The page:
Homeowners have slowed the rate at which they are paying off their mortgages in what could be a further sign of debt distress, according to analysts.
In the final three months of last year borrowers injected £10.2 billion more into their homes than they borrowed, but that was significantly below the £13.4 billion record high reached in the three months to June. The rate represents a second successive quarter of decline.
The figures from the Bank of England suggest that homeowners are still choosing to pay down their mortgages rather than load up on debt, but that the trend may be turning.
Apart from nine months between the end of 2015 and the start of 2016, which were affected by one-off stamp duty changes for second homes, the level of equity injection in the final quarter of last year was the lowest since March 2012.
The findings coincide with mounting concern about household indebtedness, with credit card and personal debt levels increasing at the fastest pace in 12 years. The Bank warned this week that the amount of riskier mortgage lending had also been increasing.
Regulators have instructed lenders to give vulnerable borrowers “payment holidays” and to reduce their interest rates to help them to clear their debts. The Bank is considering plans to tighten the rules around consumer lending as well. “Household indebtedness remained high by historical standards and had begun to rise relative to incomes,” it said.
Howard Archer, chief UK economist at IHS Markit, said one reason that households had been paying off their mortgages since 2008 was because near-zero interest rates had made it more sensible to clear existing debt than to put money into savings accounts that earned very little. The official household savings ratio is at a historic low.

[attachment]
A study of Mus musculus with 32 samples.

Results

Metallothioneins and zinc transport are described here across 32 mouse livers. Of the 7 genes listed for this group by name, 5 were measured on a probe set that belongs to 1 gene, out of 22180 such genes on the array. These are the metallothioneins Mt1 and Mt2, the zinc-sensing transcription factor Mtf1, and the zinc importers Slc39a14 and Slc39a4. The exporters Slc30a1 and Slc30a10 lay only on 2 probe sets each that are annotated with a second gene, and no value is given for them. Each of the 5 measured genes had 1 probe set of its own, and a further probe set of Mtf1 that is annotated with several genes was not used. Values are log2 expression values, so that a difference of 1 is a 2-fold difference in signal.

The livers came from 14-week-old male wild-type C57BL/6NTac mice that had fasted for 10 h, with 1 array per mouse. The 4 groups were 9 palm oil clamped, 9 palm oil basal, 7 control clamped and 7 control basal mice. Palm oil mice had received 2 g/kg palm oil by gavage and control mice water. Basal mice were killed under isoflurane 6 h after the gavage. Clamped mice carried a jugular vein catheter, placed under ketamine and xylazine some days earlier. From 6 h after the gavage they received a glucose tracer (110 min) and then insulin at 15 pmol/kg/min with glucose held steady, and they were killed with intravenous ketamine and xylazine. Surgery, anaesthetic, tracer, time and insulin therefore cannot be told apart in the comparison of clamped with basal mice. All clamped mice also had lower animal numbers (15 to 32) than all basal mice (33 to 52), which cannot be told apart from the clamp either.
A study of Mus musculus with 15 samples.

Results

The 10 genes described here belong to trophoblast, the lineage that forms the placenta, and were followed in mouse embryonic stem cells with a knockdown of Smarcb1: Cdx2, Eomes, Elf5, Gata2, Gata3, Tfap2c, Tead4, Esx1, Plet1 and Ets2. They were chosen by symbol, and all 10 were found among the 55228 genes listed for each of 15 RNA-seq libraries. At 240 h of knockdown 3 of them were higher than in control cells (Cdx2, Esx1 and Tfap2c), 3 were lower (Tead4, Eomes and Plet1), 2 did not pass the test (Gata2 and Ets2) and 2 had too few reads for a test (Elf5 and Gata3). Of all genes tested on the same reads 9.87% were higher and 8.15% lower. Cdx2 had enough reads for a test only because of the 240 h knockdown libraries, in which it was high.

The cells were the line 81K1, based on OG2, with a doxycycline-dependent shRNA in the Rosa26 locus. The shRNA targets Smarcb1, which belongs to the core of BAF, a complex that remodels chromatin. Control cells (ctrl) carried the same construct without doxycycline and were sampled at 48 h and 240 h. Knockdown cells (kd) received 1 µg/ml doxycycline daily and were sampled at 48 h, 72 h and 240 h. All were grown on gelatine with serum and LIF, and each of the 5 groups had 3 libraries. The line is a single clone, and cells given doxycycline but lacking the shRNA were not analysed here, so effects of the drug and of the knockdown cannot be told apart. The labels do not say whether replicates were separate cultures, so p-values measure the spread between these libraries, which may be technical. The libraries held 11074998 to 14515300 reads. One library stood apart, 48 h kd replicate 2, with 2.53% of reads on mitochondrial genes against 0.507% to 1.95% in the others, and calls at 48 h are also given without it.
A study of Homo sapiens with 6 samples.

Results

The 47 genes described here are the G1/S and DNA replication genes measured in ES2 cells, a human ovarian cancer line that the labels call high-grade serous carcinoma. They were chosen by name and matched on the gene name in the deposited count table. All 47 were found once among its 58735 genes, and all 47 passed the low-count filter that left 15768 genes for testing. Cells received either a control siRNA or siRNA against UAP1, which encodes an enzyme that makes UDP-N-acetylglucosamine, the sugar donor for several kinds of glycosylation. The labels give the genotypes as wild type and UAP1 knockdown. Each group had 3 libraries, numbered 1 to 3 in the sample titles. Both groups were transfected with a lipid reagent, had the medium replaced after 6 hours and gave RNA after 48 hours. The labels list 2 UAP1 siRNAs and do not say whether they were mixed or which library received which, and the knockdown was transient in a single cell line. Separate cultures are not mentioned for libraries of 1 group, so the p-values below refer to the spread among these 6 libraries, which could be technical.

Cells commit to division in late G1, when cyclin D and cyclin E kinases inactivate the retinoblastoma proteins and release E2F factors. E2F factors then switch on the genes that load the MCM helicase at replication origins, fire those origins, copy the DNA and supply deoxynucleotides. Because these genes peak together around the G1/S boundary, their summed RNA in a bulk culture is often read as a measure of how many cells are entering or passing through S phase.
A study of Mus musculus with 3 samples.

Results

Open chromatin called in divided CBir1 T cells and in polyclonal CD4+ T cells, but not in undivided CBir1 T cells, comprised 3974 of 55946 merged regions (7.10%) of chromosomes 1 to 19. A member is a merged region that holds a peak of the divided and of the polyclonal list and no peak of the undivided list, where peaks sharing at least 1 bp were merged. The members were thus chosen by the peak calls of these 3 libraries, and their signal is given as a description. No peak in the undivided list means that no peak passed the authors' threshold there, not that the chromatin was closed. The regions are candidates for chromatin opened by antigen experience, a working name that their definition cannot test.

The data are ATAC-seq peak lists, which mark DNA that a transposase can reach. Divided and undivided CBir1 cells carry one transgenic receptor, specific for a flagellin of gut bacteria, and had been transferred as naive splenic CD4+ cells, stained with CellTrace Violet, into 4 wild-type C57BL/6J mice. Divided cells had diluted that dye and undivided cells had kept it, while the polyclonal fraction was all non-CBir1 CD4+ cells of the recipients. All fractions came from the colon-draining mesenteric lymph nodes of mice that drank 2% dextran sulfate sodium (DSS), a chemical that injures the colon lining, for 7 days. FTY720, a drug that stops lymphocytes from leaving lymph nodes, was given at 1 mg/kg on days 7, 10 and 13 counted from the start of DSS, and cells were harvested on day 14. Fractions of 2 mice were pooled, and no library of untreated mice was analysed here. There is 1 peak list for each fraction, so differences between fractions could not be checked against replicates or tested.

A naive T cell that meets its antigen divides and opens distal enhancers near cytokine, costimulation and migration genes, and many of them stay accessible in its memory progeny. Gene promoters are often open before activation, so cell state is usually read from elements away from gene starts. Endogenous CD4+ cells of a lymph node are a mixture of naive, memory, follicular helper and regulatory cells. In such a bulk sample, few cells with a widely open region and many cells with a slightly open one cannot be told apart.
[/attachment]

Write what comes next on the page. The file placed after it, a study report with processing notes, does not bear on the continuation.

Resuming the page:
However, signs that households are now paying off their mortgages at a slower rate underlines fears that they are increasingly struggling to save.
“Net housing equity injection has a positive impact on limiting consumer debt, and there is currently mounting concern over rising consumer debt,” Mr Archer said.
Between 2001 and 2007 households borrowed a total of £190 billion more than they invested in their homes as the buy-to-let market gathered pace and people cashed in on rising house prices. For the past nine years, households have consistently injected money into their homes, totalling £350 billion.
Housing equity is a measure of the stock of housing wealth that has no lending secured on it. An equity injection can be a simple capital repayment or an investment in home improvements that increases the property’s value.
The rate of equity injection has been above £10.5 billion a month for almost five years, with the exception of September 2015 to March 2016, which Mr Archer said was down to “buy-to-let buyers and second-home purchasers looking to beat an April increase in stamp duty”.
The government introduced a 3 per cent stamp duty surcharge on second homes last April, which has led to a recent decline in buy-to-let lending and a drop in property transactions. Bank research has shown that fewer transactions also reduces equity withdrawal.